Do you find yourself worrying, being negative or feeling anxious when things are basically okay?
I’m reminded of a quote by Mark Twain, “I’ve had a lot of worries in my life, most of which never happened.”
This week I will be talking about how to shift your perspective to a more positive mindset.
A woman I’ll call Claire realized that she had a good life—a job that she enjoyed, a good marriage, friends, a nice apartment, and good health. Yet she found herself focusing on the mishaps or annoyances that inevitably happen in everyday life.
For example, someone would cut her off in line or worse in traffic, something became misplaced or broken, a friend was slow to return her call. She’d become agitated and these thoughts would occupy her mind front and center.
Rather than thinking about how much fun she loved making jewelry in her studio, her sweet yoga practice, her generally good relationships with her friends and family—she’d invariably focus on the stuff that was disappointing.
What brought her in to see me was that she felt like this lack of joy, of gratitude and the negativity that often left her feeling down. This negativity loop began to take on a life to its own. She expected the worst despite all of the good in her life and inevitably her experiences would reinforce this perspective.
We discussed her past and where this originated. Over time it became apparent that her early relationship with her mother played into Claire’s fears and negativity. Simultaneously I began working with Claire from a behavioral perspective to help her to cultivate a more positive attitude.
Do you sometimes get anxious, fearful or down for no apparent reason?
Did you know that negativity is often a learned response and that regardless of its origins, much of it can be quieted or tamed by practicing certain methods?
According to Rick Hanson we humans have a “negativity bias.” Negative experiences tend to stick in our minds like velcro whereas positive experiences are like teflon and usually just slip away.
Think of the last time someone gave you feedback. Perhaps you were given five lovely compliments about a project you were doing and one negative piece of feedback.
Which of those thoughts stuck in your mind??
Most of us have a tendency to scan the horizon for what is wrong rather than appreciating what is good and positive in our lives. When we shift this orientation even for moments at a time we develop the capacity for greater positivity and we become poised to bring ourselves into a better place of well-being.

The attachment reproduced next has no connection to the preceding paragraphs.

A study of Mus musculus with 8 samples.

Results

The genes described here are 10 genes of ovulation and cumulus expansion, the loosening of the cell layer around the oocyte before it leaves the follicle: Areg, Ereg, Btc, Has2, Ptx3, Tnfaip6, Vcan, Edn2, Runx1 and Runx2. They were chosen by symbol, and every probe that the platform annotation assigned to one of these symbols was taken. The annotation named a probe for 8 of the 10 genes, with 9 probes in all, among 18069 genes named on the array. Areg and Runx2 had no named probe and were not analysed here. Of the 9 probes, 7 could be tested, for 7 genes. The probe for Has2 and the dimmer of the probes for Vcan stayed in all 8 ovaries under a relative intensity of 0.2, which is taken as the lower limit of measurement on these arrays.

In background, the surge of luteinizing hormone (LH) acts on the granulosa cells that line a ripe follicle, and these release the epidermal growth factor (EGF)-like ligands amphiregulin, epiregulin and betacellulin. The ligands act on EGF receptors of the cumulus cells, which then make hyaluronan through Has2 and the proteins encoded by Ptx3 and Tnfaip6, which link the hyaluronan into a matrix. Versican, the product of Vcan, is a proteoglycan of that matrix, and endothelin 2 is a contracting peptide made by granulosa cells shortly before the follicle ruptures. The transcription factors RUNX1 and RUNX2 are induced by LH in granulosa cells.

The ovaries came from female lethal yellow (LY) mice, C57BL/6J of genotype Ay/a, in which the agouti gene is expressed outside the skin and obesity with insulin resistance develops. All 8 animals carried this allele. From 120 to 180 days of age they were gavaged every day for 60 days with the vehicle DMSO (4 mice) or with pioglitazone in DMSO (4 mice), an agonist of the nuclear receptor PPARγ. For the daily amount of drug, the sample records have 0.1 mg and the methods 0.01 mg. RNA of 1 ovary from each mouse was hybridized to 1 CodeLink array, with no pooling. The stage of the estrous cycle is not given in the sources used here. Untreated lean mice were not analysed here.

When we hone in on the positive we are better able to realize our potential, higher energy levels, and greater success. The key is to over-practice and ar over-learn the integration of positive thoughts and emotions into our brains.
Over time and by practicing certain skills it is possible to retrain the brain to fire differently so that thinking more positively or optimistically becomes the norm. This feels good and boosts our mindset, productivity, and creativity.
The first step as I told Claire is to look for patterns and connections that brought her joy and to become more keenly aware of what felt good in life—even if the feeling of happiness was fleeting.
In essence we were beginning to activate the mechanism in her brain responsible for positive emotions and if only briefly overriding the brain’s natural tendency to scan for and reside in the negative.
Strategy for “taking in the good” or thinking more positively
(This strategy expands upon the work of Dr. Rick Hanson.)
- Get into a comfortable sitting position. Take some deep breaths to feel grounded, present, and focused.
- Notice some positive aspect in your life. It can be small or significant.
- Allow yourself to entertain this thought in your mind. The idea is to train the brain to notice positive information and experiences.
- Take some slow, deep breaths and allow yourself to linger in this positive space for ten seconds or longer. Stretching out the positive. This might feel awkward or forced at first—but in time staying with the positive sensations will become easier and more pleasant.
- Now ramp it up one notch higher. Intensify the feelings associated with this experience more deeply allowing the memory to soak into the recesses of your mind and body. This time involve all of your senses––taste, touch, sight, sound, and smell.
- Notice whatever might be unique about this event and why it matters to you. What feelings do you hold about this experience?
- Savor the positive feelings and let them become embedded in your mind and heart. The idea is to transfer positive experiences from short-to-long term memory and this happens with practice.
As you continue to look for and savor the good you are creating new neural pathways leading to greater positivity. In time you become better able to take in positive experiences more often and in a more lasting ways. Keep in mind that the longer a positive thought or experience is held in conscious awareness the more it becomes embedded in the brain.
Practice this strategy once or twice daily for 3-5 minutes and notice what happens over the course of the next few weeks. It takes a couple of months to change a habit, but I think with this exercise you might start noticing the benefits almost immediately.
I’d love to hear your comments or feedback about what you observe after practicing this exercise.